In his previous life as a teacher at Santa Teresa High in San Jose, Bob LaMonte took a special interest in diplomatic history. Fascinated by how leaders obtain and retain power, he would always include readings of Machiavelli on his syllabus. In the late 1970s he and a colleague, Mike Holmgren, would meet for lunch, and when LaMonte wasn't holding forth on the principles of empire building, the two men, who were also assistant football coaches, discussed blocking schemes. One afternoon Holmgren arrived looking anguished. "I have the chance to be a coordinator at San Francisco State," he said. "Should I take it?" LaMonte replied, "Go for it." Then he posed a question of his own to Holmgren. A former student was preparing for the NFL draft and had asked LaMonte to represent him. Should he try to be an agent? "Bob," Holmgren said, "I think you'd be great."
A quarter century later Holmgren is coach and executive vice president of football operations for the Seattle Seahawks, after having won Super Bowl XXXI as coach of the Green Bay Packers. As for LaMonte, he has carved out a princely niche: agent to young coaches on the make. His clients include Holmgren, Jon Gruden of the Tampa Bay Buccaneers, Andy Reid of the Philadelphia Eagles, John Fox of the Carolina Panthers, Mike Sherman of the Packers and Jim Mora Jr. of the Atlanta Falcons as well as 12 coordinators and four general managers. "I consider Bob to be a very important power player but also a very productive one," says Eagles owner Jeffrey Lurie. "In virtually every situation he's working with the team on behalf of his client, not against it. That gives a whole different meaning to the term power broker."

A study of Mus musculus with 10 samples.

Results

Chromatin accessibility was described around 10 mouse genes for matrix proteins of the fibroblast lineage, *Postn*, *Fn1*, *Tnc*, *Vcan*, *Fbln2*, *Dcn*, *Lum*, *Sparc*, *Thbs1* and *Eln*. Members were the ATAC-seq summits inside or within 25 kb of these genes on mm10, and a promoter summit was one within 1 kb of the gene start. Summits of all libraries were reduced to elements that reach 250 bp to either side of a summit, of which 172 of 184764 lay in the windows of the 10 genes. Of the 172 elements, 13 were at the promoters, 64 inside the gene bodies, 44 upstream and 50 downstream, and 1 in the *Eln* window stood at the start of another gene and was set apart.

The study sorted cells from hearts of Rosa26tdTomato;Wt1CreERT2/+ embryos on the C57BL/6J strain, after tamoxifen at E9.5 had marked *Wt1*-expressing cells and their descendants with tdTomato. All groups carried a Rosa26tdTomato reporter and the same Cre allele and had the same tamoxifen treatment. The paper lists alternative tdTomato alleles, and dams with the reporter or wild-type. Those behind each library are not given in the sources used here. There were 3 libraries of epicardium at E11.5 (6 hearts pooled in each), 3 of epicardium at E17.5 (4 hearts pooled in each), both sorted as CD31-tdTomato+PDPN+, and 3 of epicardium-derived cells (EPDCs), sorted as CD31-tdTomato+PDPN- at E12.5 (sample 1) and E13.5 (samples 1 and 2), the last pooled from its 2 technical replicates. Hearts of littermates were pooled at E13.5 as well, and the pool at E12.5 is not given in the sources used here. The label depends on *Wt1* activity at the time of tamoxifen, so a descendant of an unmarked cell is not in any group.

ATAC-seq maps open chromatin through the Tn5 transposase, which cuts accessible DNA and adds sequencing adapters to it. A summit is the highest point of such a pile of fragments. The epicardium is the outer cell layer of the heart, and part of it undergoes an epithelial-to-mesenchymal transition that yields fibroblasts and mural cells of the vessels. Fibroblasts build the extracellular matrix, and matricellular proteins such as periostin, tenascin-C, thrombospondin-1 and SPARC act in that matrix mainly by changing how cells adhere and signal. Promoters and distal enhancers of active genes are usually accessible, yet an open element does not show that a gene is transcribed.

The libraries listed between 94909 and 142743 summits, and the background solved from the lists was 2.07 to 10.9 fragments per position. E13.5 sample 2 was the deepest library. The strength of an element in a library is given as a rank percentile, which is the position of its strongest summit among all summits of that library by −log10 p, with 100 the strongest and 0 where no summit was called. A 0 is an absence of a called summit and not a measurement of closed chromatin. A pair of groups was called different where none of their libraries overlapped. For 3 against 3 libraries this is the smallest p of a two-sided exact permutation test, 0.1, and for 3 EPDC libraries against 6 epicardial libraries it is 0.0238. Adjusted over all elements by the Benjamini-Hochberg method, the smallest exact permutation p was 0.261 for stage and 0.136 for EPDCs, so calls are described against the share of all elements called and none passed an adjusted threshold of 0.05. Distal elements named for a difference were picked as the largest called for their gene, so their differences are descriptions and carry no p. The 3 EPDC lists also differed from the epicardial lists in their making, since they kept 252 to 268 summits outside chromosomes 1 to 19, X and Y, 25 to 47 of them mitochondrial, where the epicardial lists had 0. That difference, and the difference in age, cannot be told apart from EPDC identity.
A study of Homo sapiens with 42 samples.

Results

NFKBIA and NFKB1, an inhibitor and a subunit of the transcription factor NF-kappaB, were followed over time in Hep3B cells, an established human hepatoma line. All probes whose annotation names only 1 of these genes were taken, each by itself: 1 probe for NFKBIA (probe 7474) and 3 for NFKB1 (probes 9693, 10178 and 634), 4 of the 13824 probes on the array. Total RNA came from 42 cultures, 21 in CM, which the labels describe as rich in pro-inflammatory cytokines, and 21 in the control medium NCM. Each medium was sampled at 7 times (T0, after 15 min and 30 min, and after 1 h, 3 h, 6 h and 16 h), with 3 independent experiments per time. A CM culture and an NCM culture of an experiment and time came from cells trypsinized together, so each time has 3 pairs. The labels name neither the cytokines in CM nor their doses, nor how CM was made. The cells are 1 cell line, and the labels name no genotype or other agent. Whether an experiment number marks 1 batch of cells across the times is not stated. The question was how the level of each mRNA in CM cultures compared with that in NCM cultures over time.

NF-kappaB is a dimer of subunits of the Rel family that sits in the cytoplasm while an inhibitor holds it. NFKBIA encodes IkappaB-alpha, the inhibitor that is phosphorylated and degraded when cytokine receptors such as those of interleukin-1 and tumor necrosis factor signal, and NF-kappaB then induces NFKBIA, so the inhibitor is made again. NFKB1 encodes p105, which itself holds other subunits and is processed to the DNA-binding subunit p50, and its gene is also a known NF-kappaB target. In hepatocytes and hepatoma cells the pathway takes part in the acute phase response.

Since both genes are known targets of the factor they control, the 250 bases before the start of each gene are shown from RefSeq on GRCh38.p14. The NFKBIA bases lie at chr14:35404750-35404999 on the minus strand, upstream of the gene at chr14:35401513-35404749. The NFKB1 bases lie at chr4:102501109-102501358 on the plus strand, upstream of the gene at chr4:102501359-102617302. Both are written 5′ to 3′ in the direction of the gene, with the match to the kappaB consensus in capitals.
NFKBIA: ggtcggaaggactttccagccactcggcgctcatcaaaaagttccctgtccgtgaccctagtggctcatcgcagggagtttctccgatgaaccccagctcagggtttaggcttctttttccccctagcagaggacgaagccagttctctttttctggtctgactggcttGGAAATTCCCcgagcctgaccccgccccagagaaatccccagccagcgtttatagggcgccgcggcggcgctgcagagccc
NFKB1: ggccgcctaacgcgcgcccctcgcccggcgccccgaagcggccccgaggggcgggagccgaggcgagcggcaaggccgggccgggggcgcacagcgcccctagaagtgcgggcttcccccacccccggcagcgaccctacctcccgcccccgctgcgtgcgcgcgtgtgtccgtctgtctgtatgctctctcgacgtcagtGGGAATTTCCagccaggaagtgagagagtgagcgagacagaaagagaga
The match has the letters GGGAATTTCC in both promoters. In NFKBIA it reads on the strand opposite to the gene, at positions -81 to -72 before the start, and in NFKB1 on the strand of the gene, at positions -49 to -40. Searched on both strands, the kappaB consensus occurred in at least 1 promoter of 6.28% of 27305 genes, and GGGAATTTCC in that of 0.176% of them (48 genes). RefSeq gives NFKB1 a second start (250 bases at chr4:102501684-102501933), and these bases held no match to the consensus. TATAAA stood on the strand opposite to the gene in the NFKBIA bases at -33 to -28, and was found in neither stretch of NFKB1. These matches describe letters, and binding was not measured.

In six of the past seven years at least one of LaMonte's charges has been promoted to his first head job in the pros. After a client is granted an interview, LaMonte puts him through a vigorous preparation process, arming him with a thick three-ringed binder that covers topics from media relations to financial planning to ownership. "The key letters aren't X and 0, they're CEO," says LaMonte, 59. "[Ownership] knows you know football, so why waste time with that? You have two to five hours to show them you can run an organization." Time and again, LaMonte's clients—Reid, Sherman and Fox, to name three—have started the job search as little-known candidates and then won over management during interviews. "I tried to develop a picture of the entire team and the entire operation," recalls Reid, who has more wins than any other coach since the start of the 2000 season.
Once his clients are hired, LaMonte works to expand their spheres of influence. In 2001 LaMonte negotiated a deal in which Reid took over as the Eagles' executive VP of football operations, joining Holmgren and Sherman as LaMonte coaching clients who also have control over personnel decisions. LaMonte insists that in a perfect world, coaches and general managers can coexist—"What Mike [ Holmgren] and Ron Wolf had in Green Bay was ideal," he says—but he won't apologize for helping his coaches amass power. "If you're driving the race car at 220 mph, you want to know who's changing the oil," he says. "In the NFL, having no control is death."
If LaMonte's tactics don't fit the agent profession's blustery stereotype, neither does his lifestyle. His unassuming offices are in Reno, and the company's only other full-time employee is his wife, Lynn. Reflexively self-effacing, he rarely gives interviews and scoffs at the suggestion that he is a major player in the NFL. "We're putting a pretty dress on a pretty girl," he says. "But if she gets to be prom queen—if our guys become successful NFL head coaches—we've done our jobs."